The Fed and ECB keep a cautious eye on the exit

A fallacious idea of normality is a poor guide for monetary policy

 


It is testament to the achievements of central banks in fighting recession and deflation in recent years that talk has now turned to removing extraordinary stimulus rather than extending it.

It was revealed this week that the Federal Reserve had begun to debate shrinking its balance sheet, which swelled massively during its programmes of quantitative easing. Meanwhile Mario Draghi, European Central Bank president, moved swiftly to quash rumours that his bank would renege on a commitment to keep deposit interest rates negative at least until it ends its own QE programme, which is planned to continue at minimum until the end of the year.

Both are sensible courses of action. The Fed, already in tightening mode, can afford to start a public conversation. The ECB, at an earlier stage in the process, needs to emphasise continued stimulus.

In both cases decisions must be based on judgments of the world as it currently is, not a premeditated return to a perceived normality that probably no longer exists.

QE and negative interest rates were responses to highly unusual circumstances following the global financial crisis. But even now, nearly a decade later, it seems improbable that advanced economies will snap smartly back to their pre-crisis norms with policy interest rates in America and Europe up above 4 or 5 per cent. Many estimates of long-term real interest rates are very low, and there is little sign of inflationary pressure from wages even in relatively healthy economies like the US.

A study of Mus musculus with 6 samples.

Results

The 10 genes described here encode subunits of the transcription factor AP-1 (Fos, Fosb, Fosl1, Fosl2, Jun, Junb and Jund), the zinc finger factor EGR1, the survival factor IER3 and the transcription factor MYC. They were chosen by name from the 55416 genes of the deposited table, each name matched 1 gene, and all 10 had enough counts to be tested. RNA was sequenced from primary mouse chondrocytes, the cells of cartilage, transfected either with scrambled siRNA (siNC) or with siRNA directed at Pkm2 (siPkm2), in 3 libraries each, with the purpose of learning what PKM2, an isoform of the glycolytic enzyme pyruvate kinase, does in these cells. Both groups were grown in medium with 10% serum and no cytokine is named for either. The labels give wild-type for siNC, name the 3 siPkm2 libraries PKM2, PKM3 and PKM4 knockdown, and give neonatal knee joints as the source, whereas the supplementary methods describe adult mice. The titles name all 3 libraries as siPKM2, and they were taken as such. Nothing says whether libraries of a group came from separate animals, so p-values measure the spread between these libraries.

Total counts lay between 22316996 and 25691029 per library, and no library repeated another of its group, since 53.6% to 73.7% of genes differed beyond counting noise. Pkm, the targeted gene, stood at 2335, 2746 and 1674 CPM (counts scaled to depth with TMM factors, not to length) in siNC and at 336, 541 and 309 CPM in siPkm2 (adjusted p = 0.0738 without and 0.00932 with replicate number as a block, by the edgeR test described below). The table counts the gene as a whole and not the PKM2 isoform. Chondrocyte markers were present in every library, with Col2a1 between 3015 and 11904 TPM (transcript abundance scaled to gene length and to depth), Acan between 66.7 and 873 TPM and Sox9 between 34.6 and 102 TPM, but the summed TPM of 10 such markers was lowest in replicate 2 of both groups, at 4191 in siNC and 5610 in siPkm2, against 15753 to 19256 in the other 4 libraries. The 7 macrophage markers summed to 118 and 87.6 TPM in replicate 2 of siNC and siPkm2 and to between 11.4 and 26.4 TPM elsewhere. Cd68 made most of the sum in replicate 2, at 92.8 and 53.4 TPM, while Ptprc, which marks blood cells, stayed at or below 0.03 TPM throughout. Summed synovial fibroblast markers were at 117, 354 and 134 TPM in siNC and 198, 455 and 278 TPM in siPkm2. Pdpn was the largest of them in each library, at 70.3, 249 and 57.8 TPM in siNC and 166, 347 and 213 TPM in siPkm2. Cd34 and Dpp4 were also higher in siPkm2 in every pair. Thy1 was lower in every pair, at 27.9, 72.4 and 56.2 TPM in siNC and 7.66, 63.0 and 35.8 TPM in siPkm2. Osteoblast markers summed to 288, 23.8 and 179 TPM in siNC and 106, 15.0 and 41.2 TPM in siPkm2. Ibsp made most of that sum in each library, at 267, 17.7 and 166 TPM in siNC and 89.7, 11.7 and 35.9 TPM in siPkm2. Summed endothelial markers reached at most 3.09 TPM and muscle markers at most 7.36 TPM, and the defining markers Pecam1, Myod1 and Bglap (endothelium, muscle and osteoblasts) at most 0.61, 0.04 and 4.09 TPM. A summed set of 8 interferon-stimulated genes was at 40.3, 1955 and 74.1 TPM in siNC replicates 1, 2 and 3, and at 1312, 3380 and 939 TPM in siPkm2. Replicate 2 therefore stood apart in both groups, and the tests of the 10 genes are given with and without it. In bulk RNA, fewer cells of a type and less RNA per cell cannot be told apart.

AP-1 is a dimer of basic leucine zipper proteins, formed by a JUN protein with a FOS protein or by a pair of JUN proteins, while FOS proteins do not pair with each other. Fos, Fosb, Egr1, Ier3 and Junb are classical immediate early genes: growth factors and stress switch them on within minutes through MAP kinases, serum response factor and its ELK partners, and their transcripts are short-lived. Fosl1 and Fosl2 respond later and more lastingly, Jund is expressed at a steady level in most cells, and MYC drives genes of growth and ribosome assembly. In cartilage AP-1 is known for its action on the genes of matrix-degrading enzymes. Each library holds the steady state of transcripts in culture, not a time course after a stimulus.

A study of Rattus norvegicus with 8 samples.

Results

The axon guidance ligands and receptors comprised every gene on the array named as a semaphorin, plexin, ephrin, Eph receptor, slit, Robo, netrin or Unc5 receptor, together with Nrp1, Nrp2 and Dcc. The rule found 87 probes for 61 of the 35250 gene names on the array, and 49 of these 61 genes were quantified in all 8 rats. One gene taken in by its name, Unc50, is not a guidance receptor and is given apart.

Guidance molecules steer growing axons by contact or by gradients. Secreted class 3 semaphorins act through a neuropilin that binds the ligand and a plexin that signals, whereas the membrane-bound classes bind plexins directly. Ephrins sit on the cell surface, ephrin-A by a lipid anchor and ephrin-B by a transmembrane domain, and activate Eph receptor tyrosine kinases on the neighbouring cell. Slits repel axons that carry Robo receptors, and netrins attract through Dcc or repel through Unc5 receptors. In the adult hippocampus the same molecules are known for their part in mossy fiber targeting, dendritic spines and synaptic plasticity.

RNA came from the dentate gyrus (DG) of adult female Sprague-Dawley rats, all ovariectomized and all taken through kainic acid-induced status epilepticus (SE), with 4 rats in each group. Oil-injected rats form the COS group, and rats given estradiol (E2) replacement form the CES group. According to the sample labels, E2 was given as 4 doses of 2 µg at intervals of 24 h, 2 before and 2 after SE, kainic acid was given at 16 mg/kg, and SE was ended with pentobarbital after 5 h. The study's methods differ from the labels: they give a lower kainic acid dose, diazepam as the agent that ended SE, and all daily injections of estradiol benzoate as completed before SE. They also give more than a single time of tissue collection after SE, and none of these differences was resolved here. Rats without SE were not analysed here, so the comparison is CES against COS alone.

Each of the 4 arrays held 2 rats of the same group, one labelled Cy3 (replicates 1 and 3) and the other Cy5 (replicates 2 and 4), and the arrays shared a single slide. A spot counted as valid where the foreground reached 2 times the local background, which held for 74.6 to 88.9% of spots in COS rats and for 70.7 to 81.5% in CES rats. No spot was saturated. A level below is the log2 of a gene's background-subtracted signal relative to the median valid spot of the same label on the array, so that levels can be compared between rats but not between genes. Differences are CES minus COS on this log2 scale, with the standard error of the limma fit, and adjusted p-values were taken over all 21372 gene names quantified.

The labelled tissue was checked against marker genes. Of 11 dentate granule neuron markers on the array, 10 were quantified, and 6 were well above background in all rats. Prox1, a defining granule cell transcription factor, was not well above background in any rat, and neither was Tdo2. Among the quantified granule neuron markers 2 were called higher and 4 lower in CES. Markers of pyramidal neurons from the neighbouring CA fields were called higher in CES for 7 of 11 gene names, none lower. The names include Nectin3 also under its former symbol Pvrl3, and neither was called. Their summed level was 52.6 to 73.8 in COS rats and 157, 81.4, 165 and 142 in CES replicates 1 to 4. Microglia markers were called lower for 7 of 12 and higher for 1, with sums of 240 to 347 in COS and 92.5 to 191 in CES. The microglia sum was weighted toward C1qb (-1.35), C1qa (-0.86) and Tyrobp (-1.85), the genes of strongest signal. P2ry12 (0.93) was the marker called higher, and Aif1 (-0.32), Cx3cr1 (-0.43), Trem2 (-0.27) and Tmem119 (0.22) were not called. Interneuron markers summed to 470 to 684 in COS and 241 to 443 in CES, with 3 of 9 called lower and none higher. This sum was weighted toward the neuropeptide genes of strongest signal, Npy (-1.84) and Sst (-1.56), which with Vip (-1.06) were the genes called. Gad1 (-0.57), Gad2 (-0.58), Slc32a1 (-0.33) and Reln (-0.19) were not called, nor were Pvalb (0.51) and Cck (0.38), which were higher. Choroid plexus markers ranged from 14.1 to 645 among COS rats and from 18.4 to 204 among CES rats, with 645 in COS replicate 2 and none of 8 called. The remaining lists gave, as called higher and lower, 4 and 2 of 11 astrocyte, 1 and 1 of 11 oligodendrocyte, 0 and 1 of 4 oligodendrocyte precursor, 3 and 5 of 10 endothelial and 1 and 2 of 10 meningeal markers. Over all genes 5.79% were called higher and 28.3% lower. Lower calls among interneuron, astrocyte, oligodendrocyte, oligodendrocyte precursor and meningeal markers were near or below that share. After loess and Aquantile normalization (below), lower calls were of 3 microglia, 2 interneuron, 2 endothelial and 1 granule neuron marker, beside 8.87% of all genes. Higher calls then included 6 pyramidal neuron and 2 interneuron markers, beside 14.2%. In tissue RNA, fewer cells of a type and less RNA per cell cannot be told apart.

Super-loose monetary policy and negative interest rates have created some distortions and may have contributed to rapid increases in asset prices. But that is surely preferable to re-running the experience of the 1930s, in which monetary policy was kept too tight for too long. The lesson of the past decade is that central banks should err heavily on the side of keeping monetary conditions loose.
 
Given that part of the effect of super-easy policy works through expectations, it is also important that central banks time carefully the discussion about removing stimulus. In that context, Mr Draghi was absolutely correct to tamp down suspicions that the ECB will breach its promise of keeping rates negative until at least year-end.

Making a promise to act one way for a certain length of time and then breaking that promise tends to have more severe consequences for central banks than it does in real life, or even in politics. For policymakers, building up credibility for fighting deflation is as important, if not more, than keeping inflation down.

In contrast to the ECB, the Fed felt comfortable discussing at March’s open market committee meeting the prospect of beginning to reduce its giant balance sheet by the end of the year. Unlike the “taper tantrum” of 2013, which came in response to talk of the Fed reducing its asset purchases, there was little market reaction when the news broke this week.

Whether to hold on to assets and how to dispose of them are tricky technical questions. What should be clear, however, is that the Fed should be in no hurry. It has no need to bow to impatience from Congress or from investors who wrongly opposed QE in the first place.

Thanks to their own efforts, central banks have increasingly pleasant tasks to perform, removing emergency measures rather than trying to think of more. But in doing so they must be guided by the same dispassionate technocracy that caused them to go down that route in the first place.